TOMS RIVER – It’s not because they have a hand in creating the state’s Energy Master Plan that the joint environmental committees are meeting today; they don’t.
But the initiatives in the plan – hashed out between the Board of Public Utilities and the Governor’s Office, defining the state’s energy stance for the next four years – have their underpinnings in bills on the floor, the work of lawmakers who met in Ocean County today.
Assembly Environment and Solid Waste Committee Chairman John McKeon, (D-27), of West Orange, said the legislative side was the focus and asked for the 50-some speakers in the room to key in on several main points of the draft of the state’s Energy Master Plan. Among his recommendations was discussing the need for a consistent state stance on energy, providing continuity and predictability that economic stakeholders and businesses crave.
“They wanted consistency,” McKeon recalled from his time as mayor in Essex County. “Toward the end of the (former Gov. Jon) Corzine administration, we came up with what I thought was a (good plan),” one that he said Gov. Chris Christie has decided to overhaul.
Even though the Corzine plan had several years left in shelf life, Christie is tossing out the plan, proposing one of his own through his appointments at the BPU. McKeon called Christie’s plan “a diametrically different route” than the previous administration’s plan.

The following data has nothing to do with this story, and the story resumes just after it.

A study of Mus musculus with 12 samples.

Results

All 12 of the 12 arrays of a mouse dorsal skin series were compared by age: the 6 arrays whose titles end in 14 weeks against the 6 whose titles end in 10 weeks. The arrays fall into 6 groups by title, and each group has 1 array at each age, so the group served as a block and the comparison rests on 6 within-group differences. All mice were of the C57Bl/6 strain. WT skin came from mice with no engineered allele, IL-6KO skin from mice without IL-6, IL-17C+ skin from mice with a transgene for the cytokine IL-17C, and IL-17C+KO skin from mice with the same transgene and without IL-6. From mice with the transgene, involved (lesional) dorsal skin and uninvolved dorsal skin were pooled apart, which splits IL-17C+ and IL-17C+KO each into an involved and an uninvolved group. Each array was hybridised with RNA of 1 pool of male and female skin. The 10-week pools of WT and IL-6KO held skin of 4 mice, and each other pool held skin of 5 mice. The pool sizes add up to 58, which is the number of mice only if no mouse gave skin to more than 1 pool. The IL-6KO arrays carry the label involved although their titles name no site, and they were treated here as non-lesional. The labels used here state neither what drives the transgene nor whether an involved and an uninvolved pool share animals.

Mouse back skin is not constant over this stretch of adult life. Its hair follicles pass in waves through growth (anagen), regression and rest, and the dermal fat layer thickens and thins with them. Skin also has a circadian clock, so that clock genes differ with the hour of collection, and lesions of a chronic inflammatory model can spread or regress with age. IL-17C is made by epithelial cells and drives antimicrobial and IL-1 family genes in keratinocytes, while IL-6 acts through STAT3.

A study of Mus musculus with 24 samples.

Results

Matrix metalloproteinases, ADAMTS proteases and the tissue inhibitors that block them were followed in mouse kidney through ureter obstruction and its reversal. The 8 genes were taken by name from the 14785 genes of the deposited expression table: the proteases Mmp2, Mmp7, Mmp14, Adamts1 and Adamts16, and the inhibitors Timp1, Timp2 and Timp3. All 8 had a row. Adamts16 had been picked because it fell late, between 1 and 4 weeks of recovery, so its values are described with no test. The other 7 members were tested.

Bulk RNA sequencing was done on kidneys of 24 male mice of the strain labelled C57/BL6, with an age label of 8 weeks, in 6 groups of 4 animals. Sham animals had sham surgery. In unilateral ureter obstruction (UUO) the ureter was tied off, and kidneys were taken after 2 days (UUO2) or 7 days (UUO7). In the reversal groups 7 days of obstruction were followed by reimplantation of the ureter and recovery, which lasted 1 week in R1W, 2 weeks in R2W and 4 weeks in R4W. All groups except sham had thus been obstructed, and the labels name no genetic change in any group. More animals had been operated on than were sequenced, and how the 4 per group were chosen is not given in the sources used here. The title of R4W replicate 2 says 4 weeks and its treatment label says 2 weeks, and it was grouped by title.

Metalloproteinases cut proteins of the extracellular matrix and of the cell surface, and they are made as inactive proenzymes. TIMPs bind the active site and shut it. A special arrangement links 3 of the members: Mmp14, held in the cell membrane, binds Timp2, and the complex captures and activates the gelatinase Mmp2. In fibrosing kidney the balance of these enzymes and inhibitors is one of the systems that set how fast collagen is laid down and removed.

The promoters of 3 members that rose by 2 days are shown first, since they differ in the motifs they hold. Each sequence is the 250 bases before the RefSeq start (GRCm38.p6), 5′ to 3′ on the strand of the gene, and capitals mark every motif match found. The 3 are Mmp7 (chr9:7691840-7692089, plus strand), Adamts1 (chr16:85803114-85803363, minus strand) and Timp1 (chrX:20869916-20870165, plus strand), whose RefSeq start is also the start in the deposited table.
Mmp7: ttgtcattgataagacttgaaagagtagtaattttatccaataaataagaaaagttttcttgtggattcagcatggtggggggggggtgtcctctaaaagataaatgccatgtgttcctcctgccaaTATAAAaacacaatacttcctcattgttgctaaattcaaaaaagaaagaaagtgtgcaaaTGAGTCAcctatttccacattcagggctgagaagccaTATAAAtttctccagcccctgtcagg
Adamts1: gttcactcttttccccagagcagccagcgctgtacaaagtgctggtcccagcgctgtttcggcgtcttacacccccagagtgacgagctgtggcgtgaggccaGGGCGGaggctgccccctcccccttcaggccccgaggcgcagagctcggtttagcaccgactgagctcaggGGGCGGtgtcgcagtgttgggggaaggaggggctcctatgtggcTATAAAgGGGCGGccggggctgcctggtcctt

McKeon also called into discussion the proposed rollback of sustainable energy goals from 30 percent of the state’s energy portfolio to 22.5 percent.
Also, McKeon mentioned a societal benefits charge in jeopardy that he said has produced 26,000 green jobs over seven years.
He said the BPU “has a meeting today that conflicts with this one in Trenton, or they would have been here to give testimony today.” McKeon said BPU President Lee Solomon may appear at a future hearing, should the committees decide to continue their examination.
Stephanie Brand, director of the state Division of Rate Counsel, said the state has to replace nuclear power that will be lost with the closing of Exelon’s Oyster Creek plant and, if clean energy is of interest, substitute a significant reliance on out-of-state coal power. But solar and wind is not going to get it done, she said; the state needs to develop more “base load energy.”
She said that contrary to some reports, the Energy Master Plan has no “pullback on energy efficiency standards,” and continues to allow energy efficiency rebates to residential customers.
While the lawmakers were meeting today, the BPU announced a $20 million pilot program “designed to promote self-investment in energy efficiency and combined heat and power distributive generation projects at the state’s largest commercial and industrial facilities.”
The board said the program will “create jobs through private investment, lower energy costs for all ratepayers and to help New Jersey businesses improve their competitiveness.”
“The Draft 2011 State Energy Master Plan identified energy efficiency as a priority in our efforts to reduce energy costs for all ratepayers, and improve the reliability of the regional grid,” said Solomon in a release. “This pilot program encourages the level of investment required to achieve significant energy savings for large energy users, while advancing the state’s goal of reducing energy consumption. Additionally, our Large Energy User Pilot Program will create and support high paying jobs, just as our energy efficiency programs for residential users and local governments have.”